Oklahoma Voters Could Legalize Marijuana This Year

    In Oklahoma, two competing efforts to legalize cannabis for adult use are expected to go on the ballot in November. Question 820 would legalize by statute, while Question 819 would do so through a constitutional amendment. In 2018, medical marijuana passed the ballot with 56 percent support, which suggests that full legalization has a real shot.

    But Oklahoma’s voters are probably less of an obstacle than the legislature and Governor Kevin Stitt (R). In February 2022, Stitt said that the medical marijuana ballot question had been “misleading” to voters, and claimed that it fostered crime. “You know, as well as I do that, not all of that product is being sold legally,” he said. “Let me be clear: Drug cartels, organized crime, foreign bad actors have no place in the state of Oklahoma.” Then in May, he signed a law placing a two-year moratorium on any new medical marijuana licenses. If voters pass adult-use legalization, it will no doubt be in for a rough ride.

    On July 6, Oklahomans for Sensible Marijuana Laws submitted over 164,000 voter signatures to state officials to place Question 820 on the ballot. This measure would legalize for adults over 21, allowing them to buy and possess up to 1 ounce of cannabis. They could also grow up to six adult cannabis plants at home. The state would charge a 15 percent excise tax on cannabis sales, and have its medical marijuana regulators oversee the new industry.

    Two provisions in Question 820 are notable. For the first two years, only existing medical marijuana businesses would be licensed as recreational businesses. Oklahoma wouldn’t be the first state to give medical marijuana companies a significant, and controversial, advantage in a new adult-use market—just look at Connecticut or New Jersey.

    This provision shows that its writers are paying attention to legalization around the country.

    The other provision is rarer among cannabis-legal states. Question 820 would prevent cities and towns from banning cannabis businesses; they could only regulate where and when businesses can operate. This provision shows that its writers are paying attention to legalization around the country. Most cities and towns banned dispensaries in New Jersey, and likewise in New York. Question 820 will prevent this. If legal dispensaries were only available in Oklahoma’s largest urban areas, like Oklahoma City and Tulsa, while everyone else had to drive hours to reach one, that would severely restrict access.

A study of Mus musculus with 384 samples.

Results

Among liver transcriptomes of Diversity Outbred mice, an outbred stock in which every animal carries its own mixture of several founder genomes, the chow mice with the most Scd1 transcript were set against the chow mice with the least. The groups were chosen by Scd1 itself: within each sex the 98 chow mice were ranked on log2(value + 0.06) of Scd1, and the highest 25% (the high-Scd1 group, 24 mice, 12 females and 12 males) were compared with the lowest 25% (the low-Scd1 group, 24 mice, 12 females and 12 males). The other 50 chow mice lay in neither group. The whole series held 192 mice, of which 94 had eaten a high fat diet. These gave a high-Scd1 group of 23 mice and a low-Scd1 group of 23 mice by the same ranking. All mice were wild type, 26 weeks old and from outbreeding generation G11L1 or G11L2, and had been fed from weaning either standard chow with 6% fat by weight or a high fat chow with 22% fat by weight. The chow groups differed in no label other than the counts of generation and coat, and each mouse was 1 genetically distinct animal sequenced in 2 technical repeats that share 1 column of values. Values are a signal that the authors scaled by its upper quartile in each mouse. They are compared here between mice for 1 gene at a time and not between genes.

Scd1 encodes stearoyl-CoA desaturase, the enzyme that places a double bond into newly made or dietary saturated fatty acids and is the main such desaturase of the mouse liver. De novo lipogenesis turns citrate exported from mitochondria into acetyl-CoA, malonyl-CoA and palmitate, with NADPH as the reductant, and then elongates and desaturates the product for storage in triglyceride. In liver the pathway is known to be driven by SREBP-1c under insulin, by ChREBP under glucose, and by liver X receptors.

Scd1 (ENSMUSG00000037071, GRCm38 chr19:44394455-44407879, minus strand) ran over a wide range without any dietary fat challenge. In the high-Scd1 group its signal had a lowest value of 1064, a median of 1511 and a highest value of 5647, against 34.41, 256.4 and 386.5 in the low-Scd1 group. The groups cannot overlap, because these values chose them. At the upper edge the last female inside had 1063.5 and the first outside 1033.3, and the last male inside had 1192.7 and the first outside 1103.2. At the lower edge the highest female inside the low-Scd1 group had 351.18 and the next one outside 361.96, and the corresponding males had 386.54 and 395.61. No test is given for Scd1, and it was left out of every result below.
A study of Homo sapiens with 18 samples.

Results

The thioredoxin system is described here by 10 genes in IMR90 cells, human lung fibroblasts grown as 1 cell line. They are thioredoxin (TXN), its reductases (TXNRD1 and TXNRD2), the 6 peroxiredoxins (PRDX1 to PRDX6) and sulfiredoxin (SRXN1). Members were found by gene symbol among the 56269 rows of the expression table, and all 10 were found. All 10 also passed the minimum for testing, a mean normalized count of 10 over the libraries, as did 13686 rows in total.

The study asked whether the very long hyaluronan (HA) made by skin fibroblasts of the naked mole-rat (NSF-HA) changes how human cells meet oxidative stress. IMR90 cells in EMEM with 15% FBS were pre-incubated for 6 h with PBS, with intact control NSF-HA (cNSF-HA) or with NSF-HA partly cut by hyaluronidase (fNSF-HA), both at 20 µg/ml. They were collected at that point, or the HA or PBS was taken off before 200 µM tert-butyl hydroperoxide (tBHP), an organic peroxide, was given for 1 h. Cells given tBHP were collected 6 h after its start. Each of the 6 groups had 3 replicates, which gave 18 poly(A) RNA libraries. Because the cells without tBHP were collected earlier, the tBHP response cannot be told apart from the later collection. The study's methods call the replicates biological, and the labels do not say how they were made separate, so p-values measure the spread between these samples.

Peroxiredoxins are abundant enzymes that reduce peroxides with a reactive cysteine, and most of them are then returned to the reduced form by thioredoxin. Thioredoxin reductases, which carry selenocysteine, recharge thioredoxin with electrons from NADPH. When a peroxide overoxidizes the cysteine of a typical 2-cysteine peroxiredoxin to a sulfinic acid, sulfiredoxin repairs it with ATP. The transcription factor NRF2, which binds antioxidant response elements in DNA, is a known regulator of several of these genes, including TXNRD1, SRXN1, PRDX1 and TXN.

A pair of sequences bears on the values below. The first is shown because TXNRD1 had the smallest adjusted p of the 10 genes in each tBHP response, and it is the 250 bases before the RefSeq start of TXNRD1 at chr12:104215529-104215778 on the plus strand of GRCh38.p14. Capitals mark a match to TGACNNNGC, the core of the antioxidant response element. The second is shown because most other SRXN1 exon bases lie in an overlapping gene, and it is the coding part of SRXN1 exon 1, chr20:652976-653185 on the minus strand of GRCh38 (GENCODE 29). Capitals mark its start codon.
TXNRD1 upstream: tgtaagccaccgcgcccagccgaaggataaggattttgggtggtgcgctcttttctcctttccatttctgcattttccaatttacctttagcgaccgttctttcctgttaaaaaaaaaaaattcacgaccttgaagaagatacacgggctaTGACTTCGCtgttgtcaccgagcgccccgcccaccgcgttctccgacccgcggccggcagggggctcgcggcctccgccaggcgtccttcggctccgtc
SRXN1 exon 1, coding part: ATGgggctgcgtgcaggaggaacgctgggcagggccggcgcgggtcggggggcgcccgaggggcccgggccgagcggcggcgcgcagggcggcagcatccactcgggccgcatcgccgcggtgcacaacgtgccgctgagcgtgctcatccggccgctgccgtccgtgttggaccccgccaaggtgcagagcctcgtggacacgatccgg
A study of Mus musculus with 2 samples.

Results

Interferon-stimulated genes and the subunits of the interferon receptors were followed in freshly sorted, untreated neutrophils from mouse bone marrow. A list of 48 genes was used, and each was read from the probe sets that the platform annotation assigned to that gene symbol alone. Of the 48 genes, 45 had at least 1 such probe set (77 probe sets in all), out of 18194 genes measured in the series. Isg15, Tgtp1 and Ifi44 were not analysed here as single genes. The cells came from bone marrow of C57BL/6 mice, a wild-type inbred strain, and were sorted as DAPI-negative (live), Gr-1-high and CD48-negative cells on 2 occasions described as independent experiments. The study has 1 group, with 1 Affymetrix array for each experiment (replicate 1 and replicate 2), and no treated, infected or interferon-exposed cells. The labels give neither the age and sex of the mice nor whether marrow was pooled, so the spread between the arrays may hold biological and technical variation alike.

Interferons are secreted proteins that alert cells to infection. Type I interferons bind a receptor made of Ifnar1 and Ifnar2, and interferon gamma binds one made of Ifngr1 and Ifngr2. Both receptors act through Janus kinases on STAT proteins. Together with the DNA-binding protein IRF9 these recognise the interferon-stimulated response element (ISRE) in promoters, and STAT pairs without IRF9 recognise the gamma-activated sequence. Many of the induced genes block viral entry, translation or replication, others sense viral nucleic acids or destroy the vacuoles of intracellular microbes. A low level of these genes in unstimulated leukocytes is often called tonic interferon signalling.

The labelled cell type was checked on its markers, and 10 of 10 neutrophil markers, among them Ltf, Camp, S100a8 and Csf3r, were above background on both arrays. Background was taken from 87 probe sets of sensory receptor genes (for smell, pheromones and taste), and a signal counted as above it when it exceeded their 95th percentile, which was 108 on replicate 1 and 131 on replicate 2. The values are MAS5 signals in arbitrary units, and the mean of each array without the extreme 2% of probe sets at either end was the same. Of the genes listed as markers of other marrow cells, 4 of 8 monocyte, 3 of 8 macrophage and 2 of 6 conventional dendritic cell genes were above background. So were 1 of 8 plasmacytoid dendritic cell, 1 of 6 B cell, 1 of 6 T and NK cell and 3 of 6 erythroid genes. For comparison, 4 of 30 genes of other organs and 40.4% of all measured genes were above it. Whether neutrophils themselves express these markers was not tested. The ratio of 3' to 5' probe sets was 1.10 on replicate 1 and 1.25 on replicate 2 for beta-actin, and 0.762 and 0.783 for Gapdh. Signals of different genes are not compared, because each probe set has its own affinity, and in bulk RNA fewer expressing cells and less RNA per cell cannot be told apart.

Question 819, meanwhile, has been filed by a different group, Oklahomans for Responsible Cannabis Action. The biggest practical difference is that it would legalize a much larger quantity of cannabis—up to 8 ounces for adults, and up to 12 plants grown at home. To make the November ballot, it needs 178,000 valid signatures, which must be submitted by August 22.

    It faces a higher hurdle in this sense, because Question 819 is a constitutional amendment. The motive for this is that it should be harder for lawmakers or the governor to reverse. Any future changes to cannabis law would have to be approved by voters. It’s a direct response to Gov. Stitt’s stance on medical marijuana, which was approved as a statute. (The director of the Question 819 campaign, Jed Green, also worked on the medical marijuana campaign.)

    Currently, people who use marijuana are a primary target of Oklahoma’s drug war. According to state data, 45 percent of nearly 12,400 drug arrests statewide in 2020 were for cannabis. Four in 10 of all illicit drug arrests were just for marijuana possession.

    Drug arrests overall are going down in Oklahoma. Legalizing cannabis would accelerate this trend. 

    The racist impact on Oklahomans is equally predictable. In a national study, the ACLU found Black residents were over four times likelier than whites to be arrested for marijuana possession. This disparity worsened between 2010-2018, even as marijuana possession arrests decreased overall.

    But drug arrests overall are going down in Oklahoma. They peaked at over 22,400 in 2016 and have dropped every year since. Legalizing cannabis and removing criminal penalties would accelerate this trend. 

    And to that point—for a past marijuana conviction that would no longer be criminalized, both Questions 819 and 820 would establish people’s right to petition a court for resentencing or record expungement.

    But unlike many other legal cannabis states—including California, New Jersey and New York—the expungement process would not be automatic. If you were convicted on a marijuana charge, it would up to you to figure out if you’re eligible, and where and how to petition for relief. That’s a significant barrier to justice.

    Nonetheless, if either of the Questions passes and survives potential political interference, it will make a real difference in the lives of thousands of Oklahomans each year who would otherwise be criminalized.



    Photograph by Don Goofy via Flickr/Creative Commons 2.0

    • Alexander is Filter’s staff writer. He writes about the movement to end the War on Drugs. He grew up in New Jersey and swears it’s actually alright. He’s also a musician hoping to change the world through the power of ledger lines and legislation. Alexander was previously Filter‘s editorial fellow.